Transcript from the "Handling Collisions" Lesson
>> Bianca Gandolfo: So this is all fine and dandy until we have a collision. A collision is what happens when we run our hash function and we pass hello into it, and then we also get a 3, right? There's no perfect way of implementing a hashing function for this to never, ever, ever happen within realistic constraints.
[00:00:24] So we can expect that this will happen at least once if we have a certain number of inputs, right? It's never gonna happen if you just do one input, right? But with a certain number of inputs, you're always gonna have a collision. So we need to account for that.
>> Bianca Gandolfo: And when we were talking about it earlier, we were like, you know what? Maybe,
>> Bianca Gandolfo: We'll just put two things into our storage, right, like that.
>> off screen: Mm-hm.
>> Bianca Gandolfo: Seems reasonable, right?
>> off screen: How do you get out the right one?
>> Bianca Gandolfo: Yeah, and that's the next question.
[00:01:10] How do we get out the right one? What do you think?
>> Bianca Gandolfo: Does anyone have an idea?
>> off screen: Do you have to store the key as well?
>> Bianca Gandolfo: Yeah, so to get around that, we'd have to create a tuple.
>> off screen: That makes sense.
>> Bianca Gandolfo: So.
>> off screen: It's still fast, cuz you can.
>> Bianca Gandolfo: Thingamajig, comma, true. Let's put this on a new line so we can see it. And then, hola.
>> Bianca Gandolfo: Hello comma hola. And this works, and it will make it a little bit slower, right? Because then every time just say, in the worst case every time we land here, we have a terrible hashing function and every time it gives us 3.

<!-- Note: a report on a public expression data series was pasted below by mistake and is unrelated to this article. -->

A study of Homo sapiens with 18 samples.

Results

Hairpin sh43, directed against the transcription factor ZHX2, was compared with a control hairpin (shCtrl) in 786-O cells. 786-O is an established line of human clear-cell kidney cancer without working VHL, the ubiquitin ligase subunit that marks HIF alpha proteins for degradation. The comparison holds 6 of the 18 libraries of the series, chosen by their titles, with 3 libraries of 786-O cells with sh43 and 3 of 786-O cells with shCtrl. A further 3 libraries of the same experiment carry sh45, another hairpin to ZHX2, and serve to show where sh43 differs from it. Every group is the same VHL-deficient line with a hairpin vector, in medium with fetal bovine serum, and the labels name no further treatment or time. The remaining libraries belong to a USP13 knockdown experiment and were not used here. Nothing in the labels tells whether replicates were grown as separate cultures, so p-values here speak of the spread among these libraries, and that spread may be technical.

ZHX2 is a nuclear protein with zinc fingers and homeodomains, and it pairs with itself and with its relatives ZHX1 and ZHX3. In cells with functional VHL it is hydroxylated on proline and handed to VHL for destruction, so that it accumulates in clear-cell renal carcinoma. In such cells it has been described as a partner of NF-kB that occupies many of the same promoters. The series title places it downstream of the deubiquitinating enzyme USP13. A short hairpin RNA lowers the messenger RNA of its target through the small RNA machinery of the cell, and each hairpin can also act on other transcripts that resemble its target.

[00:02:20] And so for n, right, we have it's all in the index 3 and then we have to just loop through either our linked list or whatever it is that we have in here, to find the matching one. So, in the worst case, it's linear. However, with modern hashing functions and things like that, we don't have to worry about this happening in real life.
[00:02:53] Does that make sense? So realistically, if you're using the right hashing function, this shouldn't happen, or it's so unlikely that it's not even worth accounting for. And then, the other thing that we do is we resize our storage once we reach a certain capacity. And you'll do that in the exercises.
[00:03:15] Once we reach 25%, 50%, 75%, you'll resize the array and redistribute it. And also, that sounds like an expensive operation. But if you design it well enough that it happens so infrequently, that it kinda averages out so it doesn't affect our constant time. Does that make sense? So there's some mathy stuff behind there, and we can just kind of trust that if we're doing it the right way, that it will average itself out and not be an issue.
>> off screen: So when you resize your array, then the hashing function will return a different value.
>> Bianca Gandolfo: Yeah, yeah, yeah.
>> off screen: And that's why it works.
>> Bianca Gandolfo: Mm-hm, exactly. So that's why I was saying our hashing function-
>> off screen: Interesting.
>> Bianca Gandolfo: Was gonna take some extra data, which is, what is the range?
[00:04:04] So for this one it's gonna be 0-4, but maybe we wanna double it. Usually, when you resize your hashing table, you double it every time, and then you redistribute it. And so you'll rehash everything in your hash table to a new value, maybe between 0 and 8 now, or something like that.
>> Bianca Gandolfo: That make sense? Cool, that's the only difficult part about a hash table. Everything else is straightforward because it's just an object.
>> Bianca Gandolfo: Cool?
>> Bianca Gandolfo: All right, so when we go into coding this out we need to think about collisions, right? We need to account for them in our code.